The solemnity that hung over the home clubhouse last night had little to do with a loss. Instead, the silence was owed to players thinking about the devastating injury that befell Tim Hudson.
The Mets’ 8-2 loss to the NL East-leading Braves at Citi Field Wednesday night became inconsequential after Hudson left the game with a fractured right ankle in the bottom of the eighth inning.
Hudson suffered the injury while covering first. Eric Young Jr. stepped on the back of the Braves starter’s foot while trying to reach on an infield hit. Replays showed that Hudson’s foot bent at almost a 90-degree angle. After laying prone for several minutes, Hudson was carted off the field.
“I saw his foot going for the base right there in the middle and as I came down I knew I didn’t get any of the base; I got all of his foot. I pretty much knew it was broke right when I did it,” Young said, while noting he talked to the Atlanta starter on the field immediately after the play and after the game as he received X-rays.
“He told me it wasn’t my fault, just one of those freak plays. Foot was in the middle of the bag and just hustling like I normally do and I couldn’t avoid him.”
Hudson, 38, will have surgery in Atlanta after the swelling in his ankle subsides, the Braves announced.
“I just hope he has a speedy recovery getting back and doing what he does,” Young said. I hope he can get back out there and do what he loves.”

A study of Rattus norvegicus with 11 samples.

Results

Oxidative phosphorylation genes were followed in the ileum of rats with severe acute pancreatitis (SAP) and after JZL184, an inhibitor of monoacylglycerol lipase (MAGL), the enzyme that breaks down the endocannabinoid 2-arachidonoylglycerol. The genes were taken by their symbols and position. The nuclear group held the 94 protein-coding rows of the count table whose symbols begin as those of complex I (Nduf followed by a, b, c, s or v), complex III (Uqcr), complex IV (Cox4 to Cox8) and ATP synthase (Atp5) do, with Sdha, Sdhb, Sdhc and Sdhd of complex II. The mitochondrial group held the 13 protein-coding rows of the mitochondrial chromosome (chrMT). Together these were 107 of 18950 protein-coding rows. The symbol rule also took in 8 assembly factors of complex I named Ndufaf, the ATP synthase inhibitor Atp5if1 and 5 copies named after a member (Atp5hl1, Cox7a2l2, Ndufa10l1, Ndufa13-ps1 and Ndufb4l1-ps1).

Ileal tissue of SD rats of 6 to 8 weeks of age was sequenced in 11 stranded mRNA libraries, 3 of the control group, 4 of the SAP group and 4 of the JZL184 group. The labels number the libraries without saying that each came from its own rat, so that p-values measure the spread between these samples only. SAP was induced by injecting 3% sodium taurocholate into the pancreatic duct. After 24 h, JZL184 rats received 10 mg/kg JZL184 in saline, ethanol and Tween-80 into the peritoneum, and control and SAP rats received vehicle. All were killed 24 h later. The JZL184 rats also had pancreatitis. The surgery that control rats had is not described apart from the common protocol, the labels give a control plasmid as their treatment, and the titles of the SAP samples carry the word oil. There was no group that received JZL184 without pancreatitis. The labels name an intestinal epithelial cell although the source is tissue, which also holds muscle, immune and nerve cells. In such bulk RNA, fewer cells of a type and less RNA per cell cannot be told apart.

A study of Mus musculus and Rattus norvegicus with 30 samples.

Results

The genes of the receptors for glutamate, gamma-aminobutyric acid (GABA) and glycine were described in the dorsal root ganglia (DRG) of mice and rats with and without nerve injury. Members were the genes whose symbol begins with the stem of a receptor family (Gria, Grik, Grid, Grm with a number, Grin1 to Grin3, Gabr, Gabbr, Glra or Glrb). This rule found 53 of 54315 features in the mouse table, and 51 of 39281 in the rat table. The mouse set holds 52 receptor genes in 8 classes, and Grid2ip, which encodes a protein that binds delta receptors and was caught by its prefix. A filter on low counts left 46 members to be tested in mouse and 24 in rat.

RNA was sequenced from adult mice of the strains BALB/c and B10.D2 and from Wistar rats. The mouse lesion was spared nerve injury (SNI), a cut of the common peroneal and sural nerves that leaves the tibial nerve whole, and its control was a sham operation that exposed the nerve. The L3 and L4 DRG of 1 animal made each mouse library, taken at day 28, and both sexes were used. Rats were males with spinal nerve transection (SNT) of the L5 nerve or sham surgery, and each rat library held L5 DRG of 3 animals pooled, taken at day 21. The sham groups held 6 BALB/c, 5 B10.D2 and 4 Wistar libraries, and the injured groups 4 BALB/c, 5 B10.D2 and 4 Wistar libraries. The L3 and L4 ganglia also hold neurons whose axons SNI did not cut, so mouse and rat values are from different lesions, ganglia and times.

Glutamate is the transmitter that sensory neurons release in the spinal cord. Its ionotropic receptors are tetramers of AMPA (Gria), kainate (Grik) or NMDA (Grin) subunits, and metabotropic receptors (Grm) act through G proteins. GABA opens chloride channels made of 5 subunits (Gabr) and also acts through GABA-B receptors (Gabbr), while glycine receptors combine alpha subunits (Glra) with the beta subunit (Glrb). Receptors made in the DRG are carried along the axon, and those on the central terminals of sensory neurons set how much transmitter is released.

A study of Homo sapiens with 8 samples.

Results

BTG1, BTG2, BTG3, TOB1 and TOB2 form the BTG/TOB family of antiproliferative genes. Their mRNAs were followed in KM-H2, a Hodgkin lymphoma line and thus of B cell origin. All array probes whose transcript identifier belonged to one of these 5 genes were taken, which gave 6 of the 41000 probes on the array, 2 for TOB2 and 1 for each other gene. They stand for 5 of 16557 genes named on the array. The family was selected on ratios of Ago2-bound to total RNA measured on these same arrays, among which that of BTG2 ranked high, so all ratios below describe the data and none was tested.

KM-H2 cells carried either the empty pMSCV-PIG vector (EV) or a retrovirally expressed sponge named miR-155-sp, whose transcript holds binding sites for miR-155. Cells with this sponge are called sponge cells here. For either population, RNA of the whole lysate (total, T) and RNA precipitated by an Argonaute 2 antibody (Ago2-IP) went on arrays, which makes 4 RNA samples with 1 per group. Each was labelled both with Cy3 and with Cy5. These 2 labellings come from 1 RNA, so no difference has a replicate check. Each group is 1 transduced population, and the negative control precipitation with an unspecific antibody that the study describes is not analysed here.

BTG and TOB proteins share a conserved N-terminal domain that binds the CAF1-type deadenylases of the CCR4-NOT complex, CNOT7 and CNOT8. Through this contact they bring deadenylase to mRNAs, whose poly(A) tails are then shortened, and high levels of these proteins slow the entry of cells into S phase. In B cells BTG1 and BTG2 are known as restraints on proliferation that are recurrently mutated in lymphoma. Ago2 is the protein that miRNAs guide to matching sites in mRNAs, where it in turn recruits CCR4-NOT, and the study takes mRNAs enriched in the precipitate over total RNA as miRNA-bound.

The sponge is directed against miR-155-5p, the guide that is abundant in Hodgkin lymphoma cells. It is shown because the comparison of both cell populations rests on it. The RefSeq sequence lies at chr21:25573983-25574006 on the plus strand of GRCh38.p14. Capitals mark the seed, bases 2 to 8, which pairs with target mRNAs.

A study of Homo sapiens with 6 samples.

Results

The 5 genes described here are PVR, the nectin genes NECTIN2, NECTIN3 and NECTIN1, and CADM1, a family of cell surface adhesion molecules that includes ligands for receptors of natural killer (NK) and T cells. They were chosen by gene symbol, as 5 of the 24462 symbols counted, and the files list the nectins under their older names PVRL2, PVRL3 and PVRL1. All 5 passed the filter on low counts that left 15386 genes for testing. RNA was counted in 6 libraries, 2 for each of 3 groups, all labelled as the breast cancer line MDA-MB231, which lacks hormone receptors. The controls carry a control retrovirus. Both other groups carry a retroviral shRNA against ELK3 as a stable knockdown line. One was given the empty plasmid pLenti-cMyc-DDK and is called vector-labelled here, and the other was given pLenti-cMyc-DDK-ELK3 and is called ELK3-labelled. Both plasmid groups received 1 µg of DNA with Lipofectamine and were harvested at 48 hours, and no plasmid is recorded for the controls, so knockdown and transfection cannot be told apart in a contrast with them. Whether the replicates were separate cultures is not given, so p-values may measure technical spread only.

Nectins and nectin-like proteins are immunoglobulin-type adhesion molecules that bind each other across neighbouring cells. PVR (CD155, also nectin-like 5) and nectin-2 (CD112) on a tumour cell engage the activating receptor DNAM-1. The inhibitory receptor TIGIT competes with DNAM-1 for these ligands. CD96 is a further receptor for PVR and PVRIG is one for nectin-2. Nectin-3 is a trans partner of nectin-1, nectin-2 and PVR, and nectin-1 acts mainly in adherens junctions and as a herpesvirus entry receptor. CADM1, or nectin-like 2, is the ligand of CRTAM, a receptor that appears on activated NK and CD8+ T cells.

Hudson (8-7) had dominated the Mets prior to the gruesome injury, yielding just four hits. He struck out nine in 7 2/3 innings and walked three. He was charged with both of the Mets runs, as he was responsible for Anthony Recker and Omar Quintanilla reaching in the bottom of the eighth even though both scored on Daniel Murphy’s double off of Luis Avilan.
“He pitched a great game tonight,” Young said.
Hudson’s outing was diametrically different than the one authored by Jeremy Hefner, who fell to 4-8 on the season after being pounded for six runs — five earned — on six hits in 4 1/3 innings by the muscular Braves. Hefner allowed home runs to Evan Gattis (solo shot in the second), Dan Uggla (three-run homer in the fifth) and Andrelton Simmons (two-run home run in the fifth), as his ERA rose from 3.93 to 4.17.
The right-hander has given up 16 hits, 14 runs — 13 earned — and four home runs in his last 6 1/3 innings of work.
“I’m not holding up my end of the deal,” Hefner said. “[I] just didn’t execute. All that stuff can be fixed.”
The Mets fell to 44-53 and are 11 games back of the Braves in the division. They are 10 1/2 back of NL wild-card co-leaders Pittsburgh and Cincinnati with a week to go before the non-waiver trade deadline. While the organization is not actively selling off pieces as in years past, Wednesday night’s performance will make it hard for organizational decision makers to view this team as a playoff contender.
“To [make] a playoff push, we have to win a lot of games in a hurry,” Hefner said. “My performance was unacceptable.”
The Mets received a scare in the fourth when David Wright appeared to injure himself when his bat broke and hit him in the head on his backswing. Wright tapped Hudson’s sinker to Andrelton Simmons to start a 6-4-3 double play, but the Mets third baseman only took a few steps out of the box before bending over in pain. He was attended to by manager Terry Collins and trainer Ray Ramirez, before walking off the field under his own power. Wright took the field for the next inning, and stayed in for the remainder of the game.
“I was watching the ball,” Collins said. “When I looked up and I [saw] David bent over at home plate I thought he blew a hamstring or something coming out of the batter’s box. I was a little concerned, obviously. David said he was OK. We’ll certainly check on him after the game and again tomorrow.”
Follow Mets beat writer Denis Gorman on Twitter @DenisGorman.